Posted by: rocketbride | March 20, 2012

elmo’s doc

I got sick yesterday, a tsunami of sneezing that follows a weekend of similar symptoms in Maggie. Only with her, tinier and cuter. (Her baby sneeze at Drillhouse raised a collective sigh of appreciation.) The main result is that I’m reading more than usual, because I can’t get my mind to grasp anything else, and I burned through my emergency box of Kraft Dinner. In my own defence, I didn’t eat it straight out of the pot or chase it with Diet Coke, both of which I was known to do in my younger days.

Maggie has been quite tolerant of my decrease in usefulness. As long as I sing her favourite songs and allow her to paw at my face with a drool-slicked hand while she giggles in pure delight, we’re best buds. It’s not like she’s got anything particular to do.

We did manage to get to the baby group, where we spent the last five minutes in silence, just watching the kids. I watched the baby next to Maggie stretch until she snagged a handful of Maggie’s shirt and bring her closer. Maggie tried grabbing back, but quickly lost patience and started to yell. It’s not like my house isn’t an ongoing experiment in the interactions of Blake & Mags, but it was still interesting to see.

On Friday we pressed my parents into emergency babysitting service, and went downtown to see “Being Elmo” at the newly fancy Bloor Cinema. We had arranged everything for Saturday, but there was a last minute change of schedule, and the theatre offered to seat us so that we could head the director speak after the screening.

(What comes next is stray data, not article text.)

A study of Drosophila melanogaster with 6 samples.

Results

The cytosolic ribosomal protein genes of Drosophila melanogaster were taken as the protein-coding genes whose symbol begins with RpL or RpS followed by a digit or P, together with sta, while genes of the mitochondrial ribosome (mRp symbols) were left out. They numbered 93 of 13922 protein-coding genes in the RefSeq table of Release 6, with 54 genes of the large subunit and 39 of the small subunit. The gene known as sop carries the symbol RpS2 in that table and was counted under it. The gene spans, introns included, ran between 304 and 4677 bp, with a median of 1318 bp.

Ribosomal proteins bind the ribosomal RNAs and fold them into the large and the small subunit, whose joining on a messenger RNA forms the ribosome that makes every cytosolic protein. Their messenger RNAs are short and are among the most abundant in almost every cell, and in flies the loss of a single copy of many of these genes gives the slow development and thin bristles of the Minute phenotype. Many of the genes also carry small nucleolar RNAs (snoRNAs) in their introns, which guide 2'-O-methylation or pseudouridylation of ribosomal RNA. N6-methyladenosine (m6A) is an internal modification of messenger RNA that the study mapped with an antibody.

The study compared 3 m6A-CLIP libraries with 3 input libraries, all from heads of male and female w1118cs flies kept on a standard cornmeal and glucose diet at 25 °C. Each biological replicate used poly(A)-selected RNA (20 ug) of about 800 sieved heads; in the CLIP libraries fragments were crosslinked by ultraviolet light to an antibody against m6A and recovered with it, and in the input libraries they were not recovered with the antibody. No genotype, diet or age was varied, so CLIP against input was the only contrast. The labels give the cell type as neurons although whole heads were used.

I’ve mentioned “Street Gang” before, and the righteous fever that has swept the household about all things Sesame Street. We’ve been watching clips online, borrowing old DVDs from the library, and reading books on and by Jim Henson. The funny thing is that we knew about this doc before the storm, as its subject Kevin Clash was on the Daily Show months ago, and we had already wanted to see it. The fact that it was the first movie at the aforementioned newly fancy Bloor was extra icing on the muppet cake.

It’s an amazing movie. I knew the bones of the story already from reading his book and all the others, but hearing him tell the story was something else again. I started crying when they showed the clip from Henson’s funeral with all the puppets singing. But the whole point of the documentary seemed to be that the inspiration wasn’t over, and that many things can still be done in the future.

At the very end of the Q&A, the director brought up a woman who had organized an additional screening as a fundraiser for a hospital room that her family was building to memorialize her son. She talked about how important Elmo had been to her son, and that even though he didn’t speak, he sang the theme when he wanted to see his videos. When we all left, I went to the bank machine and came back with cash. My cheque book was at home, and it seemed the least I could do, being lucky enough to have three kids who are all perfectly healthy.

And when we got home, Maggie, who had been giving my parents hell all night long, was so happy to see us that my heart leaped again. It was a very emotional night, all told.